VIDEO: Baghdad Central offers new take on crime drama


Channel 4 is to air a new thriller called Baghdad Central which offers an entirely new angle on the detective genre.

Set right in the epicentre of the war-ravished Middle East – Iraq – this high octane thriller is a world away from the gentle tea-and-scones whodunits of Midsomer Murders or even Inspector Morse.

The gritty six-part thriller from Euston Films, due to air in March, centres around a former Iraqi police officer, Muhsin al-Khafaji. It’s set in 2003, just after the toppling of Saddam Hussein.

Khafaji finds himself caught up in a web of murder and intrigue as he searches for his missing daughter.

The former cop is convincingly played by US-born actor Waleed Zuaiter, whose recent credits include The Spy and Altered Carbon.

What’s new here is that, probably for the first time, Iraqis are the central story in a Western made drama. They are the protagonists, the heroes and the resilient ones in a story about them and their world.

The only sad thing about this clever and captivating drama is that it was actually filmed on location in Morocco. Iraq and its capital Baghdad remains too much of a security risk for crews and actors to travel there.

Moreso, given the recent heightening of tensions following the US assassination of Iranian General Qassem Soleimani in Baghdad earlier this month.

Baghdad Central – New drama for a new age

If the first episode is anything to go by, this promises to be an exciting dramatic take on life in a part of the world many of us know so little about, despite the country being at the forefront of the news for so long.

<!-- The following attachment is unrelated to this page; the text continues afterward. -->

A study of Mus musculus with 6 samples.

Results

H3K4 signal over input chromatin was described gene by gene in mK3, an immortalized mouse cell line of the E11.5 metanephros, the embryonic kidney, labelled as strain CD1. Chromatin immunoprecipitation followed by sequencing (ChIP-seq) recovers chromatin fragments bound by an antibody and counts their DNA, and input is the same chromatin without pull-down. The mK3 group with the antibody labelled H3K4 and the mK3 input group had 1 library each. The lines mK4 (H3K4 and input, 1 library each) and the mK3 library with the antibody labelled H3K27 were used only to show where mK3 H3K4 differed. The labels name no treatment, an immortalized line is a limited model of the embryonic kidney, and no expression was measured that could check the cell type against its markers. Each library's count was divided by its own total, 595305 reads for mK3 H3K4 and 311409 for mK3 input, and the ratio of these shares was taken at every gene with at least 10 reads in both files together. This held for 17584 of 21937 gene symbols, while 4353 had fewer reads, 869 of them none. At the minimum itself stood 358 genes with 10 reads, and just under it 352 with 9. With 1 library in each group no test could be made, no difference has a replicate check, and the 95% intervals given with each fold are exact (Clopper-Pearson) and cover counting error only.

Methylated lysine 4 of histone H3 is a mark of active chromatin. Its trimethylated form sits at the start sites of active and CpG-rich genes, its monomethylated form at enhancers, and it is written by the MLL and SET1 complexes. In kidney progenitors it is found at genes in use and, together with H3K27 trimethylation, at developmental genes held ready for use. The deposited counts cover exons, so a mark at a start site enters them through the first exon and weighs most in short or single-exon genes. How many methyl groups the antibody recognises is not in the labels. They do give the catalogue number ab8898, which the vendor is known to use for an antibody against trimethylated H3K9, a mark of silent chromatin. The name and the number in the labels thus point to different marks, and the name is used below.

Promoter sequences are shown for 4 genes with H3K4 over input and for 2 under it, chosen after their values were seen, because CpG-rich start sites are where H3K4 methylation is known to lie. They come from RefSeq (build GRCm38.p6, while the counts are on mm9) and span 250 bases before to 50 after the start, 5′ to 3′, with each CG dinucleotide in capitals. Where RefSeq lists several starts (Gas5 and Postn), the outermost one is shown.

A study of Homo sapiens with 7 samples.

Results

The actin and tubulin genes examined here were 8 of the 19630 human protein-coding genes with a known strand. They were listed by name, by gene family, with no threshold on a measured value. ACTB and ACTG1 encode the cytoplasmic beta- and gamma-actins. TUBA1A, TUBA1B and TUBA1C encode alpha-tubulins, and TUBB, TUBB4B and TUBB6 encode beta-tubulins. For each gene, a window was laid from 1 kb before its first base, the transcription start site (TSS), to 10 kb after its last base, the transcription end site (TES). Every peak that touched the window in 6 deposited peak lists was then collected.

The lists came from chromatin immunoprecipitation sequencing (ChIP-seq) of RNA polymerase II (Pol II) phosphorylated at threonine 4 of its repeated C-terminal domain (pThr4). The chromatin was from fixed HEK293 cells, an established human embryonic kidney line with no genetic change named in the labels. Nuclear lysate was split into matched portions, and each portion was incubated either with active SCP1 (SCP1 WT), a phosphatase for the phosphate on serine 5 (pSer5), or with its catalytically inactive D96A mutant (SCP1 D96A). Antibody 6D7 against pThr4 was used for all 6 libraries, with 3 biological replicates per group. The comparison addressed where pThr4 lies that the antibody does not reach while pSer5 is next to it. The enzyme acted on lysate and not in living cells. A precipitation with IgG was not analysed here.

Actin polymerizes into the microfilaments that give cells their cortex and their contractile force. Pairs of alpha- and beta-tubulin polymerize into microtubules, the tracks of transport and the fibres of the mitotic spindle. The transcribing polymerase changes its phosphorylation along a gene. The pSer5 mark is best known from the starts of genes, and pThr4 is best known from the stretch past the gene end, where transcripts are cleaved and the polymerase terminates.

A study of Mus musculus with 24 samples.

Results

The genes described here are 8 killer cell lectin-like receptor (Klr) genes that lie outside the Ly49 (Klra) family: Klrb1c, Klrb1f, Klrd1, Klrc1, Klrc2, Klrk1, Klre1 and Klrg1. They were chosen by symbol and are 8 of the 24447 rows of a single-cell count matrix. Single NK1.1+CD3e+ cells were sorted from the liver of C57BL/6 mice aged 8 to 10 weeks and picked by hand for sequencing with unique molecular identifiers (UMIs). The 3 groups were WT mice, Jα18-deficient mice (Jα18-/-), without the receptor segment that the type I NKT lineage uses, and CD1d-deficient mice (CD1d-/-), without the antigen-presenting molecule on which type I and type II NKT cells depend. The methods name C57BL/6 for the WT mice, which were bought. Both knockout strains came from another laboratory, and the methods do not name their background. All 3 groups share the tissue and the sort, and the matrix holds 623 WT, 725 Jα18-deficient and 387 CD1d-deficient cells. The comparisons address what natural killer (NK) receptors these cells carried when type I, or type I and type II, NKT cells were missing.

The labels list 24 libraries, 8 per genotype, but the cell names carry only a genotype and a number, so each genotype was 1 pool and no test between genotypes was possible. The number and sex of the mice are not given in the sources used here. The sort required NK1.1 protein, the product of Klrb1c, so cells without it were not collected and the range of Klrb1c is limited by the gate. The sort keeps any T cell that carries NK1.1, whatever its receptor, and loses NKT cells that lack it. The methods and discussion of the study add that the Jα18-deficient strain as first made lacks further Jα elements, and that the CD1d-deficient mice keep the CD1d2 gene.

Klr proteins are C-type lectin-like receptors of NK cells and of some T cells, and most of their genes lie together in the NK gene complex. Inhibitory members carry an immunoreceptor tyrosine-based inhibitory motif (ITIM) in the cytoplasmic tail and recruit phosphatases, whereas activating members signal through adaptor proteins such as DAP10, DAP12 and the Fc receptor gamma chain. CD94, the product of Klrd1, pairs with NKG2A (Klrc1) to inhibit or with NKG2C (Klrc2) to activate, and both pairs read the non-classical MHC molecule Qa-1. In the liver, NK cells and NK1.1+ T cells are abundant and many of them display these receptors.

Iraq thriller: Cast and creatives of the new drama discuss the show at last week’s press preview. Photo: Mark Johnson

Based loosely on the novel by Elliott Colla, Baghdad Central will take you deep inside the country to the heart of ordinary people living extraordinary lives in the aftermath of the 2003 toppling of Saddam Hussein.

The hero – for that’s what Khafaji is – is a man with a love of poetry, food and family. But he’s also disillusioned, drinking heavily and fed up with a war he seems to have nothing to do with.

Zuaiter is perfectly cast as the long-suffering Khafaji, battling to save what’s left of his family. What he goes through in the first episode at the hands of tough Western allied forces is challenging.

Common aspects of life

I’ve never heard Happy Birthday sung in Arabic before, but the family sing it in the first episode. Funny how similar we all are when it comes down to simple family moments.

But this is a thriller, and although the backdrop is a country under the control of the ‘Coalition Authority’, the story is so much more.

Mystery and beauty of Iraq

The drama is tense, suspenseful and in places shocking. But it’s also beautiful, inspiring, funny, quirky and mysterious, like the scene with the horse – we’re not saying any more. We don’t want to spoil it for you.

It will unsettle and endear you in equal measure. It will make you angry that anyone has to live in such dire circumstances. But you’ll catch on to the enduring resilience of all the characters.

Strong cast

Joining Zuaiter in this brilliantly cast show are Homeland’s July Namir who plays the role of Mrouj, Khafaji’s daughter.

Double Olivier Award winner Bertie Carvel (Dr Foster, Jonathan Strange and Dr Norrell) who plays Frank Temple.

Also featuring are Clara Khoury (Homeland), Leem Lubany (Condor), Neil Maskell (Utopia) and Golden Globe-nominated Corey Stoll (House of Cards).

We can’t wait to see the whole series.